On the day his Walker Cup partner and fellow 41-year-old Paul Casey defended his Valspar title, Luke Donald enjoyed his own special week in Florida.

Donald featured in Hawaii in the second week in January but this was the first time since that he has trusted his back – he had a herniated disc last year – to start another tournament.

At the end of it all he produced a top 10 as he bids to make the most of a medical exemption and 15 starts to regain his PGA Tour membership.

When Donald set Europe off in the singles at Medinah in 2012 he looked the most obvious and comfortable lead-off man for the foreseeable Ryder Cup Sundays. With the minimum of fuss he took Bubba Watson down 2&1 which reflected little about how one-sided the match actually was.

Aside from Ian Poulter and his bulging pupils Donald was Europe’s lucky charm – played 4 won 4. He even has two wins from two Walker outings which is pretty much unheard of.

But that was his last involvement with the Ryder Cup, aside from his vice-captaincy duties in France last September. The same is true of Graeme McDowell, he led Europe off in 2014 and there’s every chance that he will also have gone out on an impressive yet premature high.

Longevity should never be presumed in golf but Donald, with the rock-solid short game, easy-on-the-eye swing and easy-going manner looked set to continue to mix it with the big boys for years to come.

Some people tend to get a bit sniffy about Donald and Martin Kaymer getting to the top of the world rankings tree probably because they were following in the footsteps of Tiger Woods.

But, while Kaymer’s reign was short-lived, Donald’s was as solid as his bunker play. He held the position for 40 straight weeks, and 56 in total, and he did it without much, relatively speaking, to speak of in terms of major heroics.

Going into the Masters in 2011 Donald was the World No. 4 – Kaymer was top, Lee Westwood second, Phil Mickelson third and McDowell fifth – and many people’s fancy as the next European to win a major.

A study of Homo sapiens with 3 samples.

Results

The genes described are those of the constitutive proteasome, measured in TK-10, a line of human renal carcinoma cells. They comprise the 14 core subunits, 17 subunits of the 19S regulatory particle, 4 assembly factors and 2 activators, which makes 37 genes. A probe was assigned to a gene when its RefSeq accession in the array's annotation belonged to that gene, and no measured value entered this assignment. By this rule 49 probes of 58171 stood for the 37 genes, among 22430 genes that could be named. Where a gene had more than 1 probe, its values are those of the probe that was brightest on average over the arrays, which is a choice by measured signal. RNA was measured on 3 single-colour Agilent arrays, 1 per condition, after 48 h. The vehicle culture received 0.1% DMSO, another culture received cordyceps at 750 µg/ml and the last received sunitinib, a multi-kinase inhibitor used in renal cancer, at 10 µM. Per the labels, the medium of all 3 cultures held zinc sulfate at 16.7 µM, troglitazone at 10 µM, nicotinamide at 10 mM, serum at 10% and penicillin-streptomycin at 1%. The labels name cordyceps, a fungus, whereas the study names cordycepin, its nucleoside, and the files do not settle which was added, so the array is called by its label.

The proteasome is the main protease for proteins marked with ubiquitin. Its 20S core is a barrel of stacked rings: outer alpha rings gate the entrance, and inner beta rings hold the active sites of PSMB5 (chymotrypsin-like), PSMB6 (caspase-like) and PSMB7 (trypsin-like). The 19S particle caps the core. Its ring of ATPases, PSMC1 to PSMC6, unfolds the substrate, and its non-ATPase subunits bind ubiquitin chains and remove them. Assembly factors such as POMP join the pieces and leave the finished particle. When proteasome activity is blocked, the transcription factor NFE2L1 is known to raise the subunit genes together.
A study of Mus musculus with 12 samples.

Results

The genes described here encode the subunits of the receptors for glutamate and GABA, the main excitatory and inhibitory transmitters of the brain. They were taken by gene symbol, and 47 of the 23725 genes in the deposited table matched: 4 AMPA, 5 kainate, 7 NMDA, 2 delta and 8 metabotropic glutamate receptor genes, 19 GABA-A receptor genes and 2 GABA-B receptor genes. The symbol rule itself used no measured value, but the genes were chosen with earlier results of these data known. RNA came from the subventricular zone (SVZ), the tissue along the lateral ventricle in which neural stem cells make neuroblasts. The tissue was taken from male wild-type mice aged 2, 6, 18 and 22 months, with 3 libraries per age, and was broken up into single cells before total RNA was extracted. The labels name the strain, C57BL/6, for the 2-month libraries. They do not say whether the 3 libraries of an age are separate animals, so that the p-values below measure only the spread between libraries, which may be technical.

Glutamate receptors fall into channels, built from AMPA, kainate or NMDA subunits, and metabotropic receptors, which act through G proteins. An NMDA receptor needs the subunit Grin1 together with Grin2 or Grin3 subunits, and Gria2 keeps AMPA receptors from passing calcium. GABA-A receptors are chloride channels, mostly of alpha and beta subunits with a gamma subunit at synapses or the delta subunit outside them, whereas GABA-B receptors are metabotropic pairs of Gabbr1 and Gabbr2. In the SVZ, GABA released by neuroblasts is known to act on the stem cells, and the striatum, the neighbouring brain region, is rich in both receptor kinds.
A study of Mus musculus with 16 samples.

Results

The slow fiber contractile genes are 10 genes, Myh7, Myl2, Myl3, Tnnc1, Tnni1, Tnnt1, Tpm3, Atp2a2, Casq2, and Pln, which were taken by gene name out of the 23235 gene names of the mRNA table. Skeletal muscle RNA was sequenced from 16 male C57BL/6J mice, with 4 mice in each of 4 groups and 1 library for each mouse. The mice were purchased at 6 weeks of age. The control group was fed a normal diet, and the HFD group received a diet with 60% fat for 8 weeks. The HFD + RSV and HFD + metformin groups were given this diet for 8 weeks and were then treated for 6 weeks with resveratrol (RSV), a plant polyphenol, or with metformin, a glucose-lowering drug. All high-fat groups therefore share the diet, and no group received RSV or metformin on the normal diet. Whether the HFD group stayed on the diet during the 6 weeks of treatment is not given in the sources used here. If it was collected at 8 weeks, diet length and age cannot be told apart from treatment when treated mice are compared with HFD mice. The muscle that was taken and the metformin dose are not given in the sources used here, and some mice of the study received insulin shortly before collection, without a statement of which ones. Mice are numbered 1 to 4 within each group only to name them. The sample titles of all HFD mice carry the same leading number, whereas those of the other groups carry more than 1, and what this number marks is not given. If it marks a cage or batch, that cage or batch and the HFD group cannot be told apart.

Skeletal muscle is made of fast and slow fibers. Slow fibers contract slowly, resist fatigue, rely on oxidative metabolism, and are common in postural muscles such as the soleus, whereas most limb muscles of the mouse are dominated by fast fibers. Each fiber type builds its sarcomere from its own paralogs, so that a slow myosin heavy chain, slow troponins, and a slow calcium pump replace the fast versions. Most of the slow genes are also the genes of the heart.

But it would be Rory McIlroy, on four occasions, Darren Clarke, Justin Rose, who Donald was paired with at Merion on Sunday, Kaymer, Danny Willett, Henrik Stenson, his great friend Sergio Garcia, and Francesco Molinari last July who got their hands on the game’s four biggest trophies.

Donald has only featured in one major since the end of 2016.

Luke Donald

This week we have the top 64 players in the world, give or take, at the WGC-Match Play – the last time Donald, the 2011 champion, featured in this event was 2014.

Going into this week the 41-year-old was ranked an astonishing 919th in the world thanks to his back problems. Last year there were just two cuts made in eight starts before having to shut it down on the PGA Tour, he would play in Europe twice straight after the Ryder Cup, and in 2017 there were eight straight missed cuts which came, bizarrely, on the back a second place at Hilton Head.

Now the plan is to just stay healthy, a familiar refrain from one or two former World No. 1s who have now edged past 40. The past year has seen Donald spend his time with his wife and three girls rather than follow the PGA Tour around, something he has done since 2002, as he looked to come back from the disc problem.

He chose not to undergo surgery, instead having stem-cell therapy, which meant he would then need three months of complete rest.

“I’m still limited reps, I’m not just going out there and beating balls for six hours a day like I used to and playing every day. So I’m having to be a little bit more efficient with my practice and just be very diligent about the stuff I’m doing with my back,” the Englishman said.

“So two to three hours a day I’m working on exercises for my back and working out and all that kind of stuff and then add ago little bit of practice in. Backs are tricky, I’ve gone through a lot of different types of treatments and some have worked, some haven’t, but I feel like I’m on the right path now.”

He has 15 starts to get his membership back. This was a huge step forward.